How will the Fed stop housing inflation?
The Fed is putting a halt to the Pandemic Housing Boom by selling bonds making the mortgage rates rise, and slowing the housing market down.
The current housing market has been deemed the Pandemic Housing Boom because of the rise in buyer demand during the pandemic. This coupled with historically low mortgage rates and super low housing inventory caused the home prices to rise drastically. The Fed hopes this will not be the case in 2023.
When the pandemic hit, the Fed started to purchase bonds making the mortgage rates drop to historical lows. The rising inflation has pushed the Fed to start selling bonds which will cause the mortgage rates to rise. Within the past six months, the average 30-year fixed mortgage rate went from 3.1% to 5.7%.
The rise in the mortgage rates has cooled off the rise in home prices. Unfortunately, it has also put a damper on many borrowers’ dreams of owning a home. Borrowers are having a harder time with the debt-to-income ratios and have lost their mortgage eligibility.
According to Zillow, home prices will jump an additional 9.7% between May 2022 and May 2023 instead of what has been seen over the past year of a rise of 20.4%. This slow down will still be double the average annual home price appreciation of 4.4%. Zillow has changed its views in the last few months cutting its price growth by 8.1% percentage points in the last four months. CoreLogic predicts a slower rise of only 5.3%, while Mortgage Bankers Association predicts a 3.1% and Fannie Mae a 3.2% increase.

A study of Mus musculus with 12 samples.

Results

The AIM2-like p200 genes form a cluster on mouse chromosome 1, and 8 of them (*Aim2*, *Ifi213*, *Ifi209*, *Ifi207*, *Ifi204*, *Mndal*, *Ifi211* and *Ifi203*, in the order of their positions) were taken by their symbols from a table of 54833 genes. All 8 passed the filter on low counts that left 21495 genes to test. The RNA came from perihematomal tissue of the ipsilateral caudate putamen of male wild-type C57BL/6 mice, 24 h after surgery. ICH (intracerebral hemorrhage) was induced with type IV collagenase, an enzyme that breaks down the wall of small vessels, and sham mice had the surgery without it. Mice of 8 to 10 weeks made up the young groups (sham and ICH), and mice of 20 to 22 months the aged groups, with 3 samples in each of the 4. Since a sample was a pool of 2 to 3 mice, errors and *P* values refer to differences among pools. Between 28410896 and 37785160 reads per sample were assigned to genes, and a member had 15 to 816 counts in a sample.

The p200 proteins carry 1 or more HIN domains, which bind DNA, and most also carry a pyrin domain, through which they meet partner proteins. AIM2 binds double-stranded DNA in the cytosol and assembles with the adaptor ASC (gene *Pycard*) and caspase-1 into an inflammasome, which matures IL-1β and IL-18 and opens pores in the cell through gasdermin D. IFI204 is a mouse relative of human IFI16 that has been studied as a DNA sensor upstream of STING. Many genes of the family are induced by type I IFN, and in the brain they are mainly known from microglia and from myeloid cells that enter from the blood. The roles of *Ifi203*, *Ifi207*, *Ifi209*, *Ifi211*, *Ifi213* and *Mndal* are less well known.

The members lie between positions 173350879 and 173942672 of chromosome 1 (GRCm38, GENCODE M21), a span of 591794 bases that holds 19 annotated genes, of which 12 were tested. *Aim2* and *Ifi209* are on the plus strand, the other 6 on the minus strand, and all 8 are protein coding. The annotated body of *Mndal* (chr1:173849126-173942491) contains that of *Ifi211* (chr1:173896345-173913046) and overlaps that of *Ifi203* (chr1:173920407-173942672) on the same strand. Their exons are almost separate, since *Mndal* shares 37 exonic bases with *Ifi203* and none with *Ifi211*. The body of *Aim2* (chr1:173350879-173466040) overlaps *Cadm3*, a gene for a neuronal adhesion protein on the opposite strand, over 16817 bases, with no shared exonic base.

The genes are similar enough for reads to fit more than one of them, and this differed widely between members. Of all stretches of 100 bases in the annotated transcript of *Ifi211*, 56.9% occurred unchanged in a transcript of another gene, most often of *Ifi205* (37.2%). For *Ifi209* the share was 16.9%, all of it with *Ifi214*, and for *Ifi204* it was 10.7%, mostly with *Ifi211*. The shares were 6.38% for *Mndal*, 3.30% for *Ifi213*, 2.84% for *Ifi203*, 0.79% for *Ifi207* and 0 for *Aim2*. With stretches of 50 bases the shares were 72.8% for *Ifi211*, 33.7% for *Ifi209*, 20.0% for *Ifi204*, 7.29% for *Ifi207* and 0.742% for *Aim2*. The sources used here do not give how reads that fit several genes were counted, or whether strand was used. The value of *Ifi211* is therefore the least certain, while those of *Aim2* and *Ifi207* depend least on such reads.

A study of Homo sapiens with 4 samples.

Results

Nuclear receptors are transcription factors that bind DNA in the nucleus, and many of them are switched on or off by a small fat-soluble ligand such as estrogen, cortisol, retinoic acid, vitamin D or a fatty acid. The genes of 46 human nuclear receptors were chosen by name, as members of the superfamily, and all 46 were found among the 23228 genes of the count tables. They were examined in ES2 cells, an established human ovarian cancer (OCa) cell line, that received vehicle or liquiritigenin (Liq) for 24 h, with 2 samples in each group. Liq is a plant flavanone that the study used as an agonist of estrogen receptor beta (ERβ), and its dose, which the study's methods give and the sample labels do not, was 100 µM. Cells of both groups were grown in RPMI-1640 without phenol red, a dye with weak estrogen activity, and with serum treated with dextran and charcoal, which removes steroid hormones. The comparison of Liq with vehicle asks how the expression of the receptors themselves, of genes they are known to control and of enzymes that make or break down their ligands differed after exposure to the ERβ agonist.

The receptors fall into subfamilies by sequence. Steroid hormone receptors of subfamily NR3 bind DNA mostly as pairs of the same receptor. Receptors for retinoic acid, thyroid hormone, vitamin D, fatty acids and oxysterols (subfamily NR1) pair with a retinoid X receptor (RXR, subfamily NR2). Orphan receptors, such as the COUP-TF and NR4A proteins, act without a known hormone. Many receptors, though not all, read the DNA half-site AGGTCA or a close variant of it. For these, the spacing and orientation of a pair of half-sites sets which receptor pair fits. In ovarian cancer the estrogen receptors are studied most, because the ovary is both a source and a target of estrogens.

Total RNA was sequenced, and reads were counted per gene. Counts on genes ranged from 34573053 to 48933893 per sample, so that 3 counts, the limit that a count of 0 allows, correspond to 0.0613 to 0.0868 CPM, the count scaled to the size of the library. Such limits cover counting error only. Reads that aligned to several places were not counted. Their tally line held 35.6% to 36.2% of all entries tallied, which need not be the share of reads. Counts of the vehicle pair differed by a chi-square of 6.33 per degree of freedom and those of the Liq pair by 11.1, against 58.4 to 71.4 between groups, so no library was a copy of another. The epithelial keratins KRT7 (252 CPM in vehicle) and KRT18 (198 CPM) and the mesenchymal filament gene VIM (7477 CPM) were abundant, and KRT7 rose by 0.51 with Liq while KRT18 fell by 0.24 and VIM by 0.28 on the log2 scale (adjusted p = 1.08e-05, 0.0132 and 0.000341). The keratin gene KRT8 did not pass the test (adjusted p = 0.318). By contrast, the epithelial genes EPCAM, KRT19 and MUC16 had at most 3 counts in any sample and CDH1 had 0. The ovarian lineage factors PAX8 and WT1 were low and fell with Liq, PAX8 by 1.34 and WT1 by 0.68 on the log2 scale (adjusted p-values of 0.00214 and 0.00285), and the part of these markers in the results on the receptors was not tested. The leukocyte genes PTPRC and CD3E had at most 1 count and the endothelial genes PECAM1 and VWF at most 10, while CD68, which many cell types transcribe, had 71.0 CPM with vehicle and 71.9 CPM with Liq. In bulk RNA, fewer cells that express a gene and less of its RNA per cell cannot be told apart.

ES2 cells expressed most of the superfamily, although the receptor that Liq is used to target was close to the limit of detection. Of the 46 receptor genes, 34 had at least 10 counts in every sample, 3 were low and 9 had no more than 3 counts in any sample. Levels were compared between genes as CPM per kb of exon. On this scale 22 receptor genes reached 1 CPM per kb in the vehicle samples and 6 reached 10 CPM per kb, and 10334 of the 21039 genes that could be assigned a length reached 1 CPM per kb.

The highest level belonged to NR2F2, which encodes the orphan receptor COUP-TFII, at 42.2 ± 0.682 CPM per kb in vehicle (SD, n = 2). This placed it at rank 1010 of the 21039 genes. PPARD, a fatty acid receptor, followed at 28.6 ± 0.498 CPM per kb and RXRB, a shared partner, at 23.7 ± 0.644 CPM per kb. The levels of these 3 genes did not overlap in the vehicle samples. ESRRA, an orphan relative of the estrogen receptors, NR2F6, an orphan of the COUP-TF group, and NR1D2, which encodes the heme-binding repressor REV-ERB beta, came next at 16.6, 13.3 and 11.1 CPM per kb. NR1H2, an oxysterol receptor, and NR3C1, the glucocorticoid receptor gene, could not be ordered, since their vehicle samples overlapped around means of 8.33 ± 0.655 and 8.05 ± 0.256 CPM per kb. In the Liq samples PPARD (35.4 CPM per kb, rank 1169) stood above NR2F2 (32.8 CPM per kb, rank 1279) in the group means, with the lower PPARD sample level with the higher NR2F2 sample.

“The trend appears to show that the market passed an inflection point for home values between April and May, transitioning from ever-hotter to somewhat-cooler price growth. This deceleration is a clear signal that buyers are dialing back their demand for homes in the face of daunting affordability challenges,” wrote Zillow economists in their latest outlook.
Some such as Capital Economics predicts home prices to fall 5%. This has only happened twice in the past
five years. Moody’s Analytics believes that there will be a 0% rise in some areas even seeing a 5% to 10% decline in home prices.
“Mortgage rates are rising and will reach 6.5% by mid-2023. As a result, mortgage payments as a share of income will exceed the peak seen in the mid-2000s. That will cut home sales, with existing sales ending 2022 more than 20% down from their end-2021 level. House prices will also decline as affordability constraints bite, but tight markets and a lack of forced sellers means we expect the drop to be relatively modest, with annual growth falling to -5% by mid-2023,” wrote Capital Economics in its latest outlook.
“The housing market has peaked. … Everything points to a rolling over of the housing market,” says Moody’s Analytics chief economist Mark Zandi.